American pianist and composer Frederic Rzewski passed away in Montiano, Italy. His cause of death was cardiac arrest from an apparent heart attack, his publicist Josephine Hemsing confirmed in an email.
Over the course of his 60-year career, he became known for both his stylistic flair and politically motivated works.
“People keep harping on this political motif, and I’ve never understood why they think it’s so important,” Rzewski told the New York Times in 1997. “If it were pop music, it would be considered natural. But an American classical composer is supposed to be right-wing or an academic or just removed from reality.”
Notably, he composed a set of 36 piano variations on the Chilean protest song “The People United Will Never Be Defeated!” The piece, which is an hour long and has been compared to Beethoven’s “Diabelli Variations,” is a symbol of resistance following the 1973 Chilean coup d’etat — when General Augusto Pinochet overthrew the socialist president Salvador Allende.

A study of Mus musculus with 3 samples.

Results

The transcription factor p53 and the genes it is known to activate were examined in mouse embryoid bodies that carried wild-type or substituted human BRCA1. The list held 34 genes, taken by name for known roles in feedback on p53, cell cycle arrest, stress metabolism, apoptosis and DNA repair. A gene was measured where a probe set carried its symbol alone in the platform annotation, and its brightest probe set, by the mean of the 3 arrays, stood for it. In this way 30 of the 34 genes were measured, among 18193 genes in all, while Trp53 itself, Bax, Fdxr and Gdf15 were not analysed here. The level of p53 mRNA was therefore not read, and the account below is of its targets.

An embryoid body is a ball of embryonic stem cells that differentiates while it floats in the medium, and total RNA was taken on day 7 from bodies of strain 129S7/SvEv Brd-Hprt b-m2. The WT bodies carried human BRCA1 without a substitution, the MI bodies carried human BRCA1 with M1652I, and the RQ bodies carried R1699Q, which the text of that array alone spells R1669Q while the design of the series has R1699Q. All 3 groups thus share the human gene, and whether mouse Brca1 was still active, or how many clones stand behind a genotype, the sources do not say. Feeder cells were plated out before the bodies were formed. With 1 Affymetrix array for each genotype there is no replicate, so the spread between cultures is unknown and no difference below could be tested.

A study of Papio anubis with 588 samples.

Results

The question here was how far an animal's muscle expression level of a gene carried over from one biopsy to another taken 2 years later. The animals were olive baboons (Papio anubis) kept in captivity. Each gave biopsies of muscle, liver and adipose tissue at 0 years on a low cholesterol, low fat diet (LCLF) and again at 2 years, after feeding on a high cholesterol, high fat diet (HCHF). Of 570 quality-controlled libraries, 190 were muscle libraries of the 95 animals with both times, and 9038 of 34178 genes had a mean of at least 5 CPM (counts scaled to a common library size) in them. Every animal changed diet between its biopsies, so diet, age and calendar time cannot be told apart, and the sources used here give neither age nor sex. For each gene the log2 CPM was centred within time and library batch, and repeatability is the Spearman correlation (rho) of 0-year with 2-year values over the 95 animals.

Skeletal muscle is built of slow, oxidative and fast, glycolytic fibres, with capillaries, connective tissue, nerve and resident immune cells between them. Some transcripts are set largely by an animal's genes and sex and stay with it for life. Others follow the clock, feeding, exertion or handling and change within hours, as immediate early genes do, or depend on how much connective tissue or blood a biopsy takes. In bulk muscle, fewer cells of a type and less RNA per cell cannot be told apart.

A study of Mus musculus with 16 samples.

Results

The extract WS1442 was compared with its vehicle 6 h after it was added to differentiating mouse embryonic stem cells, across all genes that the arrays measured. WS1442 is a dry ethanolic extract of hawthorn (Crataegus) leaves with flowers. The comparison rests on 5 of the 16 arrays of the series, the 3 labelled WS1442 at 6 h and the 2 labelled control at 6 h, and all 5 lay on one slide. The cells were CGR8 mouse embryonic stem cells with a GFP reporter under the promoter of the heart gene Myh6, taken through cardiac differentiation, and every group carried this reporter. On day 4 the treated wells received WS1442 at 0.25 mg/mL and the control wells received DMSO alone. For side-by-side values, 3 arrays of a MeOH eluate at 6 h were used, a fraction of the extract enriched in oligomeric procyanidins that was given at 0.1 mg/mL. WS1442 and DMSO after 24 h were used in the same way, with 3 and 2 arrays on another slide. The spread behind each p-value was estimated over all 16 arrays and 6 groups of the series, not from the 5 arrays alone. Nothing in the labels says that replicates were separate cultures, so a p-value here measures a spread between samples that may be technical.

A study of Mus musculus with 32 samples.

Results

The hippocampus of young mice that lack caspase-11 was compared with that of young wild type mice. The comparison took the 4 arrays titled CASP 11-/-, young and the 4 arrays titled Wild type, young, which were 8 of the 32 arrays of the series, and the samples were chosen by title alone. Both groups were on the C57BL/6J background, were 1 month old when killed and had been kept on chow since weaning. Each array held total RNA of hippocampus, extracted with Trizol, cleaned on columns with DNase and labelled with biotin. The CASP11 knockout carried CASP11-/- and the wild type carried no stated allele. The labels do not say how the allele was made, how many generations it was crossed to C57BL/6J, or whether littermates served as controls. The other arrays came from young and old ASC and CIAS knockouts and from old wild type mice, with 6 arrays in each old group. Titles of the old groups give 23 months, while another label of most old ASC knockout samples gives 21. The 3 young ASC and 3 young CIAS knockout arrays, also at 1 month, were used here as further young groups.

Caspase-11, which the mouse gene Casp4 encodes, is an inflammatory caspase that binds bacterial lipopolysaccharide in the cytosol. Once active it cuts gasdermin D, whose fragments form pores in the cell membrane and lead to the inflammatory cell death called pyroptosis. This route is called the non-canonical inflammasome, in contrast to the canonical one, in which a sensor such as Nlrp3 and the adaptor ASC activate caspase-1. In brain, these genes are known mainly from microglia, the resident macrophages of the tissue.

Although he returned to Europe in the late 1970s, Rzewski was born in Westfield, Massachusetts. He attended Harvard and Princeton, where he studied with Randall Thompson, Walter Piston, and Milton Babbitt. He was also the recipient of a Fulbright Fellowship, under which he studied in Florence with Luigi Dallapiccola.
Throughout his life, he constantly experimented with genre and technique — with a special affinity for spontaneity. He was a member of the collective “Musica Elettronica Viva,” which improvised using homemade electronics and performed in factories and prisons, combining music, community, and politics.
Rzewski is survived by his six children and five grandchildren.